Easton Stick Caps Fantastic 2017 with Championship

There was one player that North Dakota State head coach Chris Klieman was particularly excited to see play in Frisco.

“There’s no one that deserves the opportunity to play in a National Championship game more than Easton Stick,” Klieman said at his New Year’s Day press conference.

Stick’s chance to have a crack at a National Championship game has been two years in the making. When the Omaha, Nebraska native was pressed into action in the 2015 season, the redshirt freshman ripped off eight consecutive wins, including three in the playoffs.

He stood at the doorstep of starting the title game as a true freshman, but when Jan. 9 rolled around, Stick had no choice but to concede the starting role to a fully healthy Carson Wentz.

In the 2017 edition of the FCS championship game, the quarterback took the field at Toyota Stadium as the unequivocal leader and star for the Bison. And while Stick posted a more pedestrian stat line against James Madison, he delivered a 14th national championship to NDSU.

Stick bested James Madison quarterback Bryan Schor, completing 13 of 22 passes for 130 yards and a touchdown. Now 34-3 as a starter, Stick has added a national championship to his growing list of achievements.

The game-winning play of the National Championship game came in the final minutes of the first half. Already leading 7-3, the Bison were looking to capitalize on Nate Tanguay’s interception and add to their advantage. Up stepped Stick.

On third-and-17 after a false start penalty, the junior signal caller took the snap in the shotgun, took a two-step drop and uncorked a bomb down the left sideline into the waiting hands of Darrius Shepherd. The score and ensuing extra point were all the Bison needed to take home the trophy.

Shepherd’s first touchdown of the season could not have come at a more opportune time.

In many ways the play and the game as a whole are a tribute to Stick’s phenomenal 2017 season, one in which cumulative numbers do not jump off the page but individual moments do.

His season marks of a 62.1 completion percentage and 2,466 passing yards do not necessarily dazzle observers. These totals are in large measure deflated due to the fact that NDSU has gone to the ground in the second half with sizeable leads. No less, in every game this season, Stick has left an indelible mark on the Bison offense and the outcome of the game.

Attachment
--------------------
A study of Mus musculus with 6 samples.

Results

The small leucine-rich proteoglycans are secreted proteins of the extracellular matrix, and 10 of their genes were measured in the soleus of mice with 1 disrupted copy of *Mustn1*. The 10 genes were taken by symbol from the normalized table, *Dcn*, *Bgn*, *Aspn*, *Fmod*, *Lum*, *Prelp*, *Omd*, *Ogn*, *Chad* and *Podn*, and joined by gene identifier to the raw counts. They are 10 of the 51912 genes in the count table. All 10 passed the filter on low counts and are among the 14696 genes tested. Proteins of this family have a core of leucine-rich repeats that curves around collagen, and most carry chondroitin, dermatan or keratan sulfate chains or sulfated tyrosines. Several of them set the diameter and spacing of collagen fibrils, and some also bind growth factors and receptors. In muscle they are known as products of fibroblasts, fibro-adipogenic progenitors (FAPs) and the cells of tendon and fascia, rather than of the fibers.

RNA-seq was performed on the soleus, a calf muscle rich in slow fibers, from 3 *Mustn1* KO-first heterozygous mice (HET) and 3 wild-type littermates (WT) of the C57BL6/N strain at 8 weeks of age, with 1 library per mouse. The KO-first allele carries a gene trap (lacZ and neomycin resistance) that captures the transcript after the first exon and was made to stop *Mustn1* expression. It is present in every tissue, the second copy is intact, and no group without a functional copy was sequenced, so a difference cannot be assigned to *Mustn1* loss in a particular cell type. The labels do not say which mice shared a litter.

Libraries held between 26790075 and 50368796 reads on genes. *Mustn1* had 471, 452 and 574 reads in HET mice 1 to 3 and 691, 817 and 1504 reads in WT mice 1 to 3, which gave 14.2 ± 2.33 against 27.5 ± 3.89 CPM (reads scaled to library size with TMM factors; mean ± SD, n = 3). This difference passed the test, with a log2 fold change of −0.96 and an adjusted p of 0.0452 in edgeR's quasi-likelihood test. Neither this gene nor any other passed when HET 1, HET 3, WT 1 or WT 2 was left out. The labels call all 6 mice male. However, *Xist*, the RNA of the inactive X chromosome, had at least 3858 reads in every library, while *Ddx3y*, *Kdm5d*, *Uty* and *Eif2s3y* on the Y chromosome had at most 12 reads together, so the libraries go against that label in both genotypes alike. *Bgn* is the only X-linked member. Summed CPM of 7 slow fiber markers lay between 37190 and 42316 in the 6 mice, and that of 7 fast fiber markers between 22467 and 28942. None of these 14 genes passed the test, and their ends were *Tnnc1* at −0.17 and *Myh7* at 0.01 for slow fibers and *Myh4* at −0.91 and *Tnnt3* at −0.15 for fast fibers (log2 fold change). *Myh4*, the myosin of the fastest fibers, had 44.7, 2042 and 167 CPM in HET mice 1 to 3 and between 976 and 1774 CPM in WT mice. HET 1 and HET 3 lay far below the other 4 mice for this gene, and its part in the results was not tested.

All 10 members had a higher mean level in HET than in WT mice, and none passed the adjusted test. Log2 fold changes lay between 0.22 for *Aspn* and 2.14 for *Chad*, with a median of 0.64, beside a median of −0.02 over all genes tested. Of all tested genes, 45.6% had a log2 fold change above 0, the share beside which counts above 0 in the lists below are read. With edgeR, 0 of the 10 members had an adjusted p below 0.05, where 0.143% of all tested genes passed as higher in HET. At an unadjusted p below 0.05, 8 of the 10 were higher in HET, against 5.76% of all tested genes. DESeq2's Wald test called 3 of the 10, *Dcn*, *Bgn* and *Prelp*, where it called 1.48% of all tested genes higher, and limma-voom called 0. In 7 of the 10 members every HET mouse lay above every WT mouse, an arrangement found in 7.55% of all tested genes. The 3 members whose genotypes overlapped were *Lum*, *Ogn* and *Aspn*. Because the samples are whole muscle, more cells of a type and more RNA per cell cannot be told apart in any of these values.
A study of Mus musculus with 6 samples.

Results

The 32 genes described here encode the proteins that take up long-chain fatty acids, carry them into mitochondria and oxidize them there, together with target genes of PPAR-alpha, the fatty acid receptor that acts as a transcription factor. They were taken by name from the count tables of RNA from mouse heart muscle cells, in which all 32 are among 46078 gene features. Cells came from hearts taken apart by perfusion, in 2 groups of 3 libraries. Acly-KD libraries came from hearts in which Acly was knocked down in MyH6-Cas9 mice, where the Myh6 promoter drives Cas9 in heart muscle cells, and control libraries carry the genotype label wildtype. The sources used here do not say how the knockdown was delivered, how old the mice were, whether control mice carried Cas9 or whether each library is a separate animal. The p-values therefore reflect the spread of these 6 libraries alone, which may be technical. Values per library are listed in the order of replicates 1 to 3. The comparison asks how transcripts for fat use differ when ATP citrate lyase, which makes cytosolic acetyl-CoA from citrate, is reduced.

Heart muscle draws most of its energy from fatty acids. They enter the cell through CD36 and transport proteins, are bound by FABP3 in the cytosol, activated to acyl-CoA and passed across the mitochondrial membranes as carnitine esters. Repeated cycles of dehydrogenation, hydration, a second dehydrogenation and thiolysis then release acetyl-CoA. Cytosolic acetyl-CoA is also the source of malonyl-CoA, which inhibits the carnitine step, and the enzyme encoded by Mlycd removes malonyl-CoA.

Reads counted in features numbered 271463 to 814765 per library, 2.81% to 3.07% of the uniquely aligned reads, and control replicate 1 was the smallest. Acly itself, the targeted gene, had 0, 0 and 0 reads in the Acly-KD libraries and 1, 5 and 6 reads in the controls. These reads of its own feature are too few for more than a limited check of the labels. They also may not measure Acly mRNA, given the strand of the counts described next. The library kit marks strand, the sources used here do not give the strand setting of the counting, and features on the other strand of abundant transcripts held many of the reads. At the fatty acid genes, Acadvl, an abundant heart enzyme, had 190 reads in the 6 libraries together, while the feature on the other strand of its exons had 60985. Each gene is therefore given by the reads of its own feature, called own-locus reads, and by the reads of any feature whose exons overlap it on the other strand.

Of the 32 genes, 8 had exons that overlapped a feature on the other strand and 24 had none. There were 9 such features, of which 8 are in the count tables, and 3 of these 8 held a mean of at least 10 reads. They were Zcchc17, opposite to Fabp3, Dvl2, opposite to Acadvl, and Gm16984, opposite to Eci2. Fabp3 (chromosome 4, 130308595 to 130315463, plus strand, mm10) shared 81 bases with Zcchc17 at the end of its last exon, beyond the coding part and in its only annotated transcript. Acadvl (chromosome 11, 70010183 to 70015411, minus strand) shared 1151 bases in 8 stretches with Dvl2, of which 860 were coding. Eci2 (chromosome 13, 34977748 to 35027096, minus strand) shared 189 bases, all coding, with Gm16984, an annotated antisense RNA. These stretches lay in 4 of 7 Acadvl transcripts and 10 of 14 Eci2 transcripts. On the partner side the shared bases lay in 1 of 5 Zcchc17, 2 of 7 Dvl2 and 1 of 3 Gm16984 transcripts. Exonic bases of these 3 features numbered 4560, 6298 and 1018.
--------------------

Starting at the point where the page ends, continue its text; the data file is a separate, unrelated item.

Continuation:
In seven of 15 games this season, Stick’s longest pass went for 40 or more yards, highlighted by a 77-yard pass to Dimitri Williams against South Dakota. In that game, Stick once again outdid one of the FCS’s best quarterbacks, throwing for more yards than Chris Streveler.

His longest play from scrimmage came against Youngstown State, when, to open the fourth quarter, he dashed for an 80-yard, tie-breaking score.

The quarterback never attempted more than 28 passes in a game on the season, which occurred against South Dakota State, a game in which the Bison never led.

The rivalry loss to the Jackrabbits was the nadir of Stick’s season. One week removed from his tossing two interceptions and posting his lowest completion percentage of the season, Stick threw three interceptions in the Herd’s only loss of the season.

Stick turned the corner quickly after the loss in the Dakota Marker game, beating Streveler and the Coyotes in the following week en route to an inspired stretch run.

He topped another of the subdivision’s best signal callers in the semifinal against Sam Houston State, when he threw for four touchdowns and beat Jeremiah Briscoe, the recipient of the Walter Payton Award for the best offensive player in the FCS two years in a row.

Stick still needed one more win to cement his ever-growing legacy, and with one singular flash of brilliance, he did just that. His perfectly thrown, high-arching spiral was his final masterpiece of the 2017 season, and it ultimately proved to be the difference against James Madison.

The Most Outstanding Player of the championship also took on the role of head coach, helping to design the final play to melt off the last four seconds on the clock.

“Coach and I were going back and forth, what our best possible scheme was there,” Stick commented on the final play. “I just made sure, number one, catch the snap, and I found the clock right away and wanted to get down as soon as it was hitting zero.”

Klieman corroborated Stick’s telling, indicating that the quarterback assured him the game was in good hands. “He’s right. He and I went back and forth on what to do with that four seconds,” the head coach remarked. “He just goes, ‘Coach, don’t worry. There will be no time left on the clock. Trust me. There will be no time left on the clock.’”

Klieman has always spoken highly of Stick, a quarterback who never ceases to win football games. Even after his three picks against SDSU, Klieman said he would take his quarterback for another 20 years.

“I absolutely love that young man. Easton is an absolute stud. He’s 34-3. Is that right? He’s 34-3 with a National Championship,” Klieman said after Stick got his long awaited shot at the title game. “It’s cool to be able to see him take all that preparation and fulfill that dream of being a National Championship quarterback.”

Many debated prior to the season that Taryn Christion of SDSU was the top quarterback in the Missouri Valley Conference. Any such notion that still lingered died when he threw six interceptions against JMU in the semifinals. Rather, three weeks later, it was Stick who slayed the Dukes’ mighty defense.

With nothing left to prove, all that remains for Easton Stick is to turn heads even more in 2018, as the best quarterback in the best conference in the FCS.